HackerOne provides functionality to allow you to define your program's scope by listing assets that are considered in or out of scope for your program.
HackerOne supports the following types of assets:
||Any valid IPv4 or IPv6 CIDR range.
||Domain of the asset. Wild card (
*) may be used.
|iOS: App Store
||The identifier in the Apple Store to locate your App.
||A standard apple identifier (https://developer.apple.com/testflight/).
Note: If you'll be providing a different version than the one available in the App Store, please detail the invitation process in the instructions.
||A standard apple identifier.
Note: If you'll be providing a different version than the one available in the App Store or Testflight, please detail where they can be located.
|Android Play Store
||The id in Play Store used to locate your application (https://developer.android.com/studio/build/application-id.html).
||A standard APK identifier.
Note: If you'll be providing a different version than the one available in the Play Store, please detail where they can be located.
|Windows: Microsoft Store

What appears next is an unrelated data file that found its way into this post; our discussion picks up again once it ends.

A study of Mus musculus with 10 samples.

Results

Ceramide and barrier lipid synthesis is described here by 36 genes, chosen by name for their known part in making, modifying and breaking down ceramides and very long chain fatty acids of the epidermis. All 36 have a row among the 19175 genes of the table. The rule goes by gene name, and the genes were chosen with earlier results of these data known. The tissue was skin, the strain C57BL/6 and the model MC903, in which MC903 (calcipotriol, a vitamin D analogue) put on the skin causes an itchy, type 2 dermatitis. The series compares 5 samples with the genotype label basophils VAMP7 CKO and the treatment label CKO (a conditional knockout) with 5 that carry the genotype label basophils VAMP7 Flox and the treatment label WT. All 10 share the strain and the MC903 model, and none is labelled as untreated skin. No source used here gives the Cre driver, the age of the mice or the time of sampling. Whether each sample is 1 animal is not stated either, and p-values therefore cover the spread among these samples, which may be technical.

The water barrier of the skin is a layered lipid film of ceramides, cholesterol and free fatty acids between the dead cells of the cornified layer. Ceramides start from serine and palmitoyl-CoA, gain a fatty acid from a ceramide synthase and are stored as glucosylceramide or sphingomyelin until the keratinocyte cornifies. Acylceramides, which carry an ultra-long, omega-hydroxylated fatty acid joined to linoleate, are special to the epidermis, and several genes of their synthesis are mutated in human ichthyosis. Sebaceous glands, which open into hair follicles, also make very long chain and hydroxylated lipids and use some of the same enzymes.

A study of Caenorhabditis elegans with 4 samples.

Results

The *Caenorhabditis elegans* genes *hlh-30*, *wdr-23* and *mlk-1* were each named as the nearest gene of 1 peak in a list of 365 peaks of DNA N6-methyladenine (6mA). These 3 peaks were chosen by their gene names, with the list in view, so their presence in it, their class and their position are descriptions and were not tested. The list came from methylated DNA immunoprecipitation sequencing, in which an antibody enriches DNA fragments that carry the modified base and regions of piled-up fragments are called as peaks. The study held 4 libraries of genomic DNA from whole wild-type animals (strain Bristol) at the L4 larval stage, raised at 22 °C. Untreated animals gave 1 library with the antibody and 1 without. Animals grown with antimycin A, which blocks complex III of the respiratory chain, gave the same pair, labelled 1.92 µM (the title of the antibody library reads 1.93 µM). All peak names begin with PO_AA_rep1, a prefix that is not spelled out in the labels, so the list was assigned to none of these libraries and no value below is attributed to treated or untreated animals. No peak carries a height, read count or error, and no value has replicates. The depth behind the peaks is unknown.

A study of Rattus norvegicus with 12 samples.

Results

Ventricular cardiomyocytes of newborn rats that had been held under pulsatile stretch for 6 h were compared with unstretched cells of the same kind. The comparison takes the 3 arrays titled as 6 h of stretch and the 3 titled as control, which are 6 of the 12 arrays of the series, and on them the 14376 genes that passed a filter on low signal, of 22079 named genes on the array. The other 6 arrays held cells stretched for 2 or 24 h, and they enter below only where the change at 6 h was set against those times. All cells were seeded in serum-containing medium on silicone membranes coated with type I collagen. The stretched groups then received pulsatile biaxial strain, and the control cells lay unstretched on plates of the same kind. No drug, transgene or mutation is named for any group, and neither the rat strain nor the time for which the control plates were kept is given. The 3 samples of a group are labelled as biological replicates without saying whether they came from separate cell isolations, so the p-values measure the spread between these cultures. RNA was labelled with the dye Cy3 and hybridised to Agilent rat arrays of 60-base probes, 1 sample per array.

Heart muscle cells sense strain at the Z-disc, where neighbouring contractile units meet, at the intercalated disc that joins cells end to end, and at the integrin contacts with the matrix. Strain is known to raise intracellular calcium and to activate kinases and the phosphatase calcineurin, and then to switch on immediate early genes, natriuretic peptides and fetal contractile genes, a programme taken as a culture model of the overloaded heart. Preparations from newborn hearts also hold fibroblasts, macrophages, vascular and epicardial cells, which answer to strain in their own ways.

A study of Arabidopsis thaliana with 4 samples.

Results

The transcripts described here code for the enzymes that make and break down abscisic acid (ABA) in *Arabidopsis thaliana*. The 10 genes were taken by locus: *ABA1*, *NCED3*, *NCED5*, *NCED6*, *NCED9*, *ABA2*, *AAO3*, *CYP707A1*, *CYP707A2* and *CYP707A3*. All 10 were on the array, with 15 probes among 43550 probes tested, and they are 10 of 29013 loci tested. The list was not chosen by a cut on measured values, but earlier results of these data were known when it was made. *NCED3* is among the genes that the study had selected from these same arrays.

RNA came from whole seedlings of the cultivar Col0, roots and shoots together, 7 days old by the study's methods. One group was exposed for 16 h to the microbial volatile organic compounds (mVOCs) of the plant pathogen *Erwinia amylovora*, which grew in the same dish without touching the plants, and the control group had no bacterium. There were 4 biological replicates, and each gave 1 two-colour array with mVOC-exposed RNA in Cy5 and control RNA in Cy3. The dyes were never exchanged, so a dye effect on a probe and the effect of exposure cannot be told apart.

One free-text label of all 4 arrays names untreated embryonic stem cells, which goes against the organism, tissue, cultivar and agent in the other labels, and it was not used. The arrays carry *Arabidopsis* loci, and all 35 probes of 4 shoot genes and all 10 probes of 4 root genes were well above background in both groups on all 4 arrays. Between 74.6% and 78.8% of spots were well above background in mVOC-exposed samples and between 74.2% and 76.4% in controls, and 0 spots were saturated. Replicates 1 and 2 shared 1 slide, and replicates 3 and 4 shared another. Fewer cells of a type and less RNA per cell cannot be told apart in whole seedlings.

||The identifier in the Microsoft Store used to locate your app. It can be either a store ID like '9WZDNCRFHVJL' or an identifier name like 'Microsoft.SDKSamples.ApplicationDataSample'.
||Link to the repository of an open source project.
||Packaged executable on Linux, Windows, or Mac. Open source projects with releases can and should link as a Downloadable executable too.
||Identifiable model number and make. Be sure to explain in the instructions how to locate the model details and what they may look like.
||Any other type of asset that is not contained within the existing taxonomy.
Source Code, Downloadable Executables, and Hardware Identifiers aren't validated. You're free to use this in whatever suits your naming conventions.
You can edit your scope in your settings under Program Settings > Program > Scope.